Grain Farmers of Ontario ask federal parties to cut them some slack
GUELPH — Offer a proven alternative to fossil fuels for drying grain or exempt us from carbon pricing, Ontario’s largest commodity organization tells political candidates during this federal election campaign.
Until alternatives to fossil fuel-fired grain drying exist, grain farmers “require an exemption on carbon pricing on fuel and the promised retroactive rebate on carbon pricing paid to date on fuel for grain drying,” declares the GFO.
The GFO also wants a carbon offset market that “allows for the realities of grain farming,” as well as “science-based tools” to manage nutrients and reduce emissions, including the 4R program. Also demanded is more support of biofuels through a Clean Fuels Regulation.
Beyond the domestic carbon issue, GFO also wants a business risk program that “works for farmers” rather than the current “inadequate” AgriStability program; and a resolution to outstanding trade issues such as “massively subsidized” imports that aren’t subject to carbon pricing and China’s defacto ban on Canadian soybeans. The trade file includes the need for a UK/Canada agreement for continued tariff-free grain access to that country.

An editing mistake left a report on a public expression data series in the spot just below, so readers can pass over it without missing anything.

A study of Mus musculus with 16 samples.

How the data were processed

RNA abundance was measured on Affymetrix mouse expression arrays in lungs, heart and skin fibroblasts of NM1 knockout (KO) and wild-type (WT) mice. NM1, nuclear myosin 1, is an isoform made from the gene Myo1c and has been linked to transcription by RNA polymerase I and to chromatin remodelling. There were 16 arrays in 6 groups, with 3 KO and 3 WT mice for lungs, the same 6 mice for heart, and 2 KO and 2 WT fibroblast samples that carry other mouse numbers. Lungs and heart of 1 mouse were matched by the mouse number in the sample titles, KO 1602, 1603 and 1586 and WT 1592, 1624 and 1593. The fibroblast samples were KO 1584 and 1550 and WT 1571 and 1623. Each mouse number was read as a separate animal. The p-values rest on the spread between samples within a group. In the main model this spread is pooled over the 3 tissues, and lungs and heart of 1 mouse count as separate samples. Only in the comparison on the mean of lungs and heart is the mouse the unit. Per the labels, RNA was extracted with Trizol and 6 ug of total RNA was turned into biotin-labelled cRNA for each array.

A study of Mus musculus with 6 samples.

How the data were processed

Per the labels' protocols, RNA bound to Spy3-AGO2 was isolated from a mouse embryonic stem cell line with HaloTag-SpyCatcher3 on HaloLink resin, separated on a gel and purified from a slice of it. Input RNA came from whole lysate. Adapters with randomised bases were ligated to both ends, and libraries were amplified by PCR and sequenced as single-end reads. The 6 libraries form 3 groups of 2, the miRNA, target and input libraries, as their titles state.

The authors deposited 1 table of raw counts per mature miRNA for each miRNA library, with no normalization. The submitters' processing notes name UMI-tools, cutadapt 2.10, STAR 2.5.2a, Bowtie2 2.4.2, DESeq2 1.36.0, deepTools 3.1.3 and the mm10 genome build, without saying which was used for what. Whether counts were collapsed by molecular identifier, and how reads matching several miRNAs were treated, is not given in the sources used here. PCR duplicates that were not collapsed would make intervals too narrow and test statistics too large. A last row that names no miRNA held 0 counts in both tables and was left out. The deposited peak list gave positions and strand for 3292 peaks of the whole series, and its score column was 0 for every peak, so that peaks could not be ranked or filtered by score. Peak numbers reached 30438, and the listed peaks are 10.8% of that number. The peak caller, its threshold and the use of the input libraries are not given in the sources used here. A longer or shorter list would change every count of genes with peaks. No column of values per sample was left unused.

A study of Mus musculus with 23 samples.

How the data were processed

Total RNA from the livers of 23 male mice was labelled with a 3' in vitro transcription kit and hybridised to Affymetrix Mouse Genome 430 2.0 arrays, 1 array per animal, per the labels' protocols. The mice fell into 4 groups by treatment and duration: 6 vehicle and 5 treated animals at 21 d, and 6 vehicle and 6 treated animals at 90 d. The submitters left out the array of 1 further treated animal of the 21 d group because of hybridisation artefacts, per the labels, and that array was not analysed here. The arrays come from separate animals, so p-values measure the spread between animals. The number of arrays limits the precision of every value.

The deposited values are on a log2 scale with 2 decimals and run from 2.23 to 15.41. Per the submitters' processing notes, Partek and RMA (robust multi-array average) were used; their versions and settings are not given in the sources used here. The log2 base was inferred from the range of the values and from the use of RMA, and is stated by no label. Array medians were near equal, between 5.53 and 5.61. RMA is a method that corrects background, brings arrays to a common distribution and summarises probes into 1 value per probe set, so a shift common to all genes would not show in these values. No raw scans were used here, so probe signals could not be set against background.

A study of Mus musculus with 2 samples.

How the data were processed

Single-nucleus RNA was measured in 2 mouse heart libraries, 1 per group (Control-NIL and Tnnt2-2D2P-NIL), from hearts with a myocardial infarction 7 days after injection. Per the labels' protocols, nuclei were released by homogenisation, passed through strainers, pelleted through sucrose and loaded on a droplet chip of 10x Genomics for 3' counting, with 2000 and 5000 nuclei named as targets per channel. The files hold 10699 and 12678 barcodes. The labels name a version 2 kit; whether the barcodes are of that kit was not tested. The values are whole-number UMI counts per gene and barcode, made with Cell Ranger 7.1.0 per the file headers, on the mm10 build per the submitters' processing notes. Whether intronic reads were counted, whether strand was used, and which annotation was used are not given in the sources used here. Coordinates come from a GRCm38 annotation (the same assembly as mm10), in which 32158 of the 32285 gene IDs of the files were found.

“These ‘asks’ are specifically designed to promote the sustainability of grain farming in Ontario for the future and to ensure that farmers can continue to do the important work they do to provide safe healthy food and help the environment,” said GFO chair Brendan Byrne.
On the carbon tax issue, Ontario Federation of Agriculture Vice President Mark Reusser notes “there are currently no replacements” for fossil fuels in agricultural production and that the existing carbon regime “cannot drive conservation efforts on farms and serves only to reduce already thin farm margins.”
Consequently, the OFA wants the political parties to support exemptions or rebates for farmers “where there are no feasible alternatives” to fossil fuels, he says. And any carbon taxes that are collected must “assist agriculture research, innovation, adaptational and resilience measures.”
For its part, the OFA wants better support programs that recognize the environmental good that farmers already do.
The OFA is calling for the development of a Canadian Agri-Food Labour Strategy and continued support for the Temporary Foreign Worker program.
The OFA also echoes the GFO in calling for stronger business risk management programs and revisions to AgriStability.